A review of "Tolkien Studies: an Annual Scholarly Review, vol. 1"
Middle-earth" series and "The Unfinished Tales" in addition, of course, to "The Lord of the Rings". The insight to be gained is well worth the effort of preparation.
The articles are as follows: "Light-elves, Dark-elves, and Others: Tolkien's Elvish Problem" by Tom Shippey, "Tom Shippey on J.R.R. Tolkien: A Checklist" compiled by Douglas Anderson, "The Adapted Text:
The Lost Poetry of Beleriand" by Gergely Nagy, "'Do the Atlantis story and abandon Eriol-Saga'" by Verlyn Flieger, "Identifying England's Lonnrot" by Anne Perry, "Sir Orfeo: A Middle Enlgish Version by J.R.R. Tolkien" by Carl F. Hostetter, "Frodo's Batman" by Mark Hooker, "Tolkien's Prose Style and its Literary and Rhetorical Effects" by Michael Drout, and"When Philology Becomes Ideology: The Russian Perspective of J.R.R.Tolkien" by Olga Markova. There are three additional shorter notes: "A Note on Beren and Luthien's Disguise as Werewolf and Vampire-bat" by Thomas Honegger, "Possible Echoes of Blackwood and Dunsany in Tolkien's Fantasy" by Dale Nelson, and "Bibliography for 2001-2002" by Michael Drout with Laura Kalaforski and
The articles vary in ease of reading. "Frodo's Batman", comparing Sam to the soldier-servants of the
First World War is the easiest and accessible to readers who have read only "The Lord of the Rings", as is the
article on the Russian perspective. The Middle English "Sir Orfeo" is the most difficult. This is not Tolkien's
previously published modern English version of "Sir Orfeo". Unless your Middle English is much better than mine, I suggest having the modern English version in hand when reading this one. Familiarity with "The Lost Road" and "The Notion Club Papers", the latter found in "Sauron Defeated, are needed for the understanding of the "'Do the Atlantis story" article.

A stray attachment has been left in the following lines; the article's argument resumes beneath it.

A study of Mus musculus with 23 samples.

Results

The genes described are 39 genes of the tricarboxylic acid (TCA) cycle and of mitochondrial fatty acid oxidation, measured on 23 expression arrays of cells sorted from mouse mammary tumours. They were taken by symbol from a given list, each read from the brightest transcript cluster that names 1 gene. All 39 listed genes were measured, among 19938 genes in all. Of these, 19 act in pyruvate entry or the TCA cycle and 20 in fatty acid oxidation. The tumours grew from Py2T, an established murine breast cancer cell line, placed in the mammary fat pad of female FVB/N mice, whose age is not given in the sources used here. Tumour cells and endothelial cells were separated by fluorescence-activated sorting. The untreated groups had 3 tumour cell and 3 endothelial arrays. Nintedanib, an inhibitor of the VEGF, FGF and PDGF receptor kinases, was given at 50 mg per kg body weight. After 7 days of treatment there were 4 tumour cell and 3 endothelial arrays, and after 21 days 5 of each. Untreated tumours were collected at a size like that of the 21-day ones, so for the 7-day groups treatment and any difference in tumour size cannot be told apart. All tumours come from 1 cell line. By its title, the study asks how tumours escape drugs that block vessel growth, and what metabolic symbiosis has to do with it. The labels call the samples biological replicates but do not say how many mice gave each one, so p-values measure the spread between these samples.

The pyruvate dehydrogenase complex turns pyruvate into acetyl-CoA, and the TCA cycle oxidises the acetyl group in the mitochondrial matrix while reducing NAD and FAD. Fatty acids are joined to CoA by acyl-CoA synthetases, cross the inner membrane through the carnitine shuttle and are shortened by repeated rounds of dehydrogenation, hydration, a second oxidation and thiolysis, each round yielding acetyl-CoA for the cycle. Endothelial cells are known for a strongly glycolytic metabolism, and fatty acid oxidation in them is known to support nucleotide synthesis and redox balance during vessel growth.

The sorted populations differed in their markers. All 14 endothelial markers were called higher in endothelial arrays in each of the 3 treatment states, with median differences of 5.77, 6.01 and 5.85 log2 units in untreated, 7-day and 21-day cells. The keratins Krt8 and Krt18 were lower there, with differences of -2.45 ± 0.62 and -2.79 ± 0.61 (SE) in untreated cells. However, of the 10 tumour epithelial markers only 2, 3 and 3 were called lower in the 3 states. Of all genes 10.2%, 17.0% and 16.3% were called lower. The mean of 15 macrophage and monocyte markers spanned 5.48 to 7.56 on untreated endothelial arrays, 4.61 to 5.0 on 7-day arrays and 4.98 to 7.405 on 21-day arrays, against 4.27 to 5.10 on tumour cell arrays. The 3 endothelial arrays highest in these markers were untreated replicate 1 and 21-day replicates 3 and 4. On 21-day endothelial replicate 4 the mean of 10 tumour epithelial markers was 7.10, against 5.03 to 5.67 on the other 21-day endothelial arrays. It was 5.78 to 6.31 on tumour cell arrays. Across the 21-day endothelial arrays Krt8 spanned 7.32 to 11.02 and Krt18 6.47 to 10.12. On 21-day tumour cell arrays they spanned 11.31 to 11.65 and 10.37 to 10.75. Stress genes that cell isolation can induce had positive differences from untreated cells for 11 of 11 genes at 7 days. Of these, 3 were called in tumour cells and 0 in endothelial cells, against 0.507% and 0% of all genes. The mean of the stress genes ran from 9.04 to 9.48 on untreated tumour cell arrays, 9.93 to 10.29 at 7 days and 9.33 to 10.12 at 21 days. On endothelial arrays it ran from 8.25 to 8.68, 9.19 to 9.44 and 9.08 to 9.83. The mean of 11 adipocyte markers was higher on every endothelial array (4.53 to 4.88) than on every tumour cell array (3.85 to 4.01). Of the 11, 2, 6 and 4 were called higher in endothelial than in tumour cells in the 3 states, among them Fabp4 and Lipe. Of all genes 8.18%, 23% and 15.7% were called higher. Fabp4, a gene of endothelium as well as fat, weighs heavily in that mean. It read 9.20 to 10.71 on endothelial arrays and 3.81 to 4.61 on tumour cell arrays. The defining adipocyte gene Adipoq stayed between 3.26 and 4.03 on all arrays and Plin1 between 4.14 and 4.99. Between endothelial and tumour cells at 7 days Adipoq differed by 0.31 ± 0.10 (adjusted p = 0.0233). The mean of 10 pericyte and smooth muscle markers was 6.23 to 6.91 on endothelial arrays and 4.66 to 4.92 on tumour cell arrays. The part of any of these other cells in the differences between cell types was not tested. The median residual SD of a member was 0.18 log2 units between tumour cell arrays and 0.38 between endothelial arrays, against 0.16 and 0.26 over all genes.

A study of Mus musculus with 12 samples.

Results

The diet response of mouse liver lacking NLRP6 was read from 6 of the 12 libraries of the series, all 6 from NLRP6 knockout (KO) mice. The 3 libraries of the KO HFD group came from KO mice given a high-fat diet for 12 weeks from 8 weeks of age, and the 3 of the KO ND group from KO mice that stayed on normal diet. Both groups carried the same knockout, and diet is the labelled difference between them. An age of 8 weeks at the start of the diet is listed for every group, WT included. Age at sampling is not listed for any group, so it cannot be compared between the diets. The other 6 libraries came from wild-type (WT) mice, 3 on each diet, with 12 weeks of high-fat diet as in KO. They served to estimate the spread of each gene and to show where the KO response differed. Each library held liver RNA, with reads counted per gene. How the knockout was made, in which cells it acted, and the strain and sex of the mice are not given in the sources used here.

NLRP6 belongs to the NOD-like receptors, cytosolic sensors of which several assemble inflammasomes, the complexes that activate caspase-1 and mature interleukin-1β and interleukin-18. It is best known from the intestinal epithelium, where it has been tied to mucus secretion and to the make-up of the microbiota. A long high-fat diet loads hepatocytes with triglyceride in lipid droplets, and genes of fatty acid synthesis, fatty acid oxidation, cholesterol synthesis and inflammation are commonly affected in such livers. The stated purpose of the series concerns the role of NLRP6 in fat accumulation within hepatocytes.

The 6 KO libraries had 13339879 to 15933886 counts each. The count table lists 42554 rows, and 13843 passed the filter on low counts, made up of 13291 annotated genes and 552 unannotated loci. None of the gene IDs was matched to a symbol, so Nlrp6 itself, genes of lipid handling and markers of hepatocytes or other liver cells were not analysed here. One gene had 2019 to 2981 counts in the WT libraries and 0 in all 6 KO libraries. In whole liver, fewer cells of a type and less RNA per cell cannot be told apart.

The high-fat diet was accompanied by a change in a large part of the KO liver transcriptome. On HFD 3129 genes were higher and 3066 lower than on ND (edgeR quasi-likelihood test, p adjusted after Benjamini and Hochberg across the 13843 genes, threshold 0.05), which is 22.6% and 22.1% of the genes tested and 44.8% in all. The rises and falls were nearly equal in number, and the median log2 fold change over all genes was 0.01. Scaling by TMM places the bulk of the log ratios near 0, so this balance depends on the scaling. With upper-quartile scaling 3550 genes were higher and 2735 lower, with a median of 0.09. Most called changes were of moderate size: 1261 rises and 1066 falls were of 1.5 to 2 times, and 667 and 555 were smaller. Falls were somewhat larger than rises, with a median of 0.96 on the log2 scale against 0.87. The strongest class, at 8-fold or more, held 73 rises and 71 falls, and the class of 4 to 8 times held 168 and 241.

My personal favorite article is Professor Drout's on "Tolkien's Prose Style". It goes a long way toward
illustrating that Tolkien's 'archaic' language was carefully chosen for multiple levels of meaning. There is a tightly
reasoned syllogism involving King Lear, Denethor, and the Lord of the Nazgul which is exquisite. The argument
rests on the text of the confrontation of Eowyn (as Dernhelm) with the Lord of the Nazgul in The Battle of the
Pelennor Fields chapter from "The Return of the King." The language of this profoundly moving scene is very
precise and carries great power because of it.
I first read "The Lord of the Rings" as a fifteen year old, more than thirty years ago. Even in youth, the
grace and beauty of Tolkien's words would draw me to pause to savour them. Subsequent readings through the
years continue to reveal further subtleties and splendours. This collection of articles gives valuable perception into how Tolkien created such power with his words, and, as I think he would be pleased to know, a greater appreciation of the English language in its fullness. I look forward to subsequent volumes with great eagerness.